Teenage mothers don’t respond in the same way physiologically as adult mothers do to the sound of babies crying. That’s according to Jennifer Giardino and colleagues who say the difference is probably due to the neural immaturity of the teenage mothers’ brains.
Fifty-six recently-pregnant teenage mothers (average age 18 years), 58 age-matched, non-parent teenage girls, and 49 recently-pregnant adult mothers (average age 31 years) were played audio tapes of babies crying either with hunger or pain. The participants were asked to indicate how the cries made them feel, and their heart rate and cortisol levels were also recorded, the latter via a saliva swab. Afterwards the mothers were also videoed playing with their own baby for 15 minutes.
From a physiological perspective there was no difference in the way the teenage mothers and the teenage non-mothers responded to the sounds of the babies’ cries. However, the teenage mums reported feeling more sympathy and being more alert to the babies’ cries.
When the teen mums were compared with the adult mothers, the opposite pattern emerged. The teenagers said the cries made them feel the same way as the adult mothers did, but physiologically there were differences. The adult mothers showed increased heart rate and cortisol in response to the cries, whereas the younger mothers did not.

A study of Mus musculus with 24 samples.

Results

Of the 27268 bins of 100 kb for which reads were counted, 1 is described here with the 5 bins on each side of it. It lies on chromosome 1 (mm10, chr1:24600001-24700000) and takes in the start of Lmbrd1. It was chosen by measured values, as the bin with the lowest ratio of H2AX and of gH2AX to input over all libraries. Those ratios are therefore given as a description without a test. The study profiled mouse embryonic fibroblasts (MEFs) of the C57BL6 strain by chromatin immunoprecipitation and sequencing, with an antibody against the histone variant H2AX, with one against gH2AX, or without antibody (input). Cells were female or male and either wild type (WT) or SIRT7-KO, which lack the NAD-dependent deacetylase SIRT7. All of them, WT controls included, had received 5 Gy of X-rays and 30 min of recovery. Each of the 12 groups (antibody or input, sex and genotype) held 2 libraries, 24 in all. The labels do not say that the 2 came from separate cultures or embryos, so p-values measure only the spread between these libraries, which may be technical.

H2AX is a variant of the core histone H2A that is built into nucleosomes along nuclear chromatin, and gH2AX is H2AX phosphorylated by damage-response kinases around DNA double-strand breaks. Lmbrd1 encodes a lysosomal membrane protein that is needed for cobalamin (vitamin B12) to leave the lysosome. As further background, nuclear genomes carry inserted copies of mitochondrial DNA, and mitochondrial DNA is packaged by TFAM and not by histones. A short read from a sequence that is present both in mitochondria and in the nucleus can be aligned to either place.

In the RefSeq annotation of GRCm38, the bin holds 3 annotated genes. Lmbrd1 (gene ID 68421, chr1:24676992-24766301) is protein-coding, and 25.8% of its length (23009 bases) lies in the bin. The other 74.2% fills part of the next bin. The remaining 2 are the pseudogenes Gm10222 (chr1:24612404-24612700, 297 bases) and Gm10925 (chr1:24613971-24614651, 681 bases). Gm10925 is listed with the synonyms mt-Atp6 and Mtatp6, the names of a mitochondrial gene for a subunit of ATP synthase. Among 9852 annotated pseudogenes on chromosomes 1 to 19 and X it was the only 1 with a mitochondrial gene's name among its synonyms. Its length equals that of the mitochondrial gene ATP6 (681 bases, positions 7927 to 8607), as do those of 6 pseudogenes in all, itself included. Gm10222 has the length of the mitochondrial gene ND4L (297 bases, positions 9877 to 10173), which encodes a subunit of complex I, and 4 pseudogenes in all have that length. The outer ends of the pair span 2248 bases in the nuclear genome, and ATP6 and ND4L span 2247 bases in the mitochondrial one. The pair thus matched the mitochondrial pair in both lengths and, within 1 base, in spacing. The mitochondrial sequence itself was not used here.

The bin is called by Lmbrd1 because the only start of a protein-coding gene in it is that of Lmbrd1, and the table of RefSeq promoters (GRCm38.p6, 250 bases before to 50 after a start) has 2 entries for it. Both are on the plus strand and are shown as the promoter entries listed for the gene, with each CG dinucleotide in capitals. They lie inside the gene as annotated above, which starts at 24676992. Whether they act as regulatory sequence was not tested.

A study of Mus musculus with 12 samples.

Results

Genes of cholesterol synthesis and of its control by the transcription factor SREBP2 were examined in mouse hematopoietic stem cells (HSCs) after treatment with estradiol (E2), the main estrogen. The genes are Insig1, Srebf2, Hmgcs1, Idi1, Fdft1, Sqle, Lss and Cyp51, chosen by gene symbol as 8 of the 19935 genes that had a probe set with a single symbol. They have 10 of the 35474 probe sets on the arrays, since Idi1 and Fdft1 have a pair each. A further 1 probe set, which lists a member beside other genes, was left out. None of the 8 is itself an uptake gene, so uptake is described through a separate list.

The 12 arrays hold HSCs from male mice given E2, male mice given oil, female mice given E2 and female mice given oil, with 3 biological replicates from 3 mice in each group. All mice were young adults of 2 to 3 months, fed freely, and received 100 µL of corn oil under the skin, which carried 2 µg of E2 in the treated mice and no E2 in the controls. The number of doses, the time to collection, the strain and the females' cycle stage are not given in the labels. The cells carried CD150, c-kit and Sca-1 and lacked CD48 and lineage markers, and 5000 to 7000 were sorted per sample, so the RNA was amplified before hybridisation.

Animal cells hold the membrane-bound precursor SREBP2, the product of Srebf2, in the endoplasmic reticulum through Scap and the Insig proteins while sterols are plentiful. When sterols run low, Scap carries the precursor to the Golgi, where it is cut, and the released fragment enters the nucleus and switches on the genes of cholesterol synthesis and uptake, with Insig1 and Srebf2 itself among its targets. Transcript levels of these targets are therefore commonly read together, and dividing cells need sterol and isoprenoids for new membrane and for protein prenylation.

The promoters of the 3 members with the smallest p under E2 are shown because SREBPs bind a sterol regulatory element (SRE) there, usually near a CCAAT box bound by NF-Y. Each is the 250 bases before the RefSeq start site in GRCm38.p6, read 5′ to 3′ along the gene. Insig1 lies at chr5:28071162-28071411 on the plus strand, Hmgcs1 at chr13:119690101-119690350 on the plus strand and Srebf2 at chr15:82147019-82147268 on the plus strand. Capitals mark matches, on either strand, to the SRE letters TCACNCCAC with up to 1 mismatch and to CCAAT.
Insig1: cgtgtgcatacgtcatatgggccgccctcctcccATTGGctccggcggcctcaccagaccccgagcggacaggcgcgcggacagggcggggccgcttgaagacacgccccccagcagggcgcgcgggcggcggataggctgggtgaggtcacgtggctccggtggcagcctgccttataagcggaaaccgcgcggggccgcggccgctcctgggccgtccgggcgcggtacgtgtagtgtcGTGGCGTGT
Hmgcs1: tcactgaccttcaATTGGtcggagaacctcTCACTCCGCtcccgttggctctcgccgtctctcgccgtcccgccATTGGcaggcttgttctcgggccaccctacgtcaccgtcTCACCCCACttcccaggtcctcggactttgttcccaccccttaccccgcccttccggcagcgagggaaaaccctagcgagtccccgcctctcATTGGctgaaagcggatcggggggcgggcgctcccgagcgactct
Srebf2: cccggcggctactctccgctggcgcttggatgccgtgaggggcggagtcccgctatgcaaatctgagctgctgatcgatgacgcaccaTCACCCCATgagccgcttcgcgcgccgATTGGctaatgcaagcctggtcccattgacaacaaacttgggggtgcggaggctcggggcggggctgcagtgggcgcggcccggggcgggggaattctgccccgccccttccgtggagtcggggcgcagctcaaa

These physiological differences appeared to be reflected in the way the two groups of mothers played with their children – the teenage mothers spent less time interacting with their child when videoed, and more time looking away.
The overall pattern of results held even after controlling for the time of day that testing took place and the socio-economic status of the fathers.
Taken together, the researchers said their results suggest teenage mothers are less attuned to infants behaviourally and physiologically, perhaps due to the fact their own brains are still developing. “In addition to the social and economic challenges confronting teenage mothers that may explain some of the present results,” they wrote, “there is also a substantial literature indicating that the medial prefrontal cortex, the brain region important for planning and executive functioning, is still developing through the teenage years…”
Giardino, J., Gonzalez, A., Steiner, M. & Fleming, A.S. (2008). Effects of motherhood on physiological and subjective responses to infant cries in teenage mothers: A comparison with non-mothers and adult mothers. Hormones and Behaviour, 53, 149-158.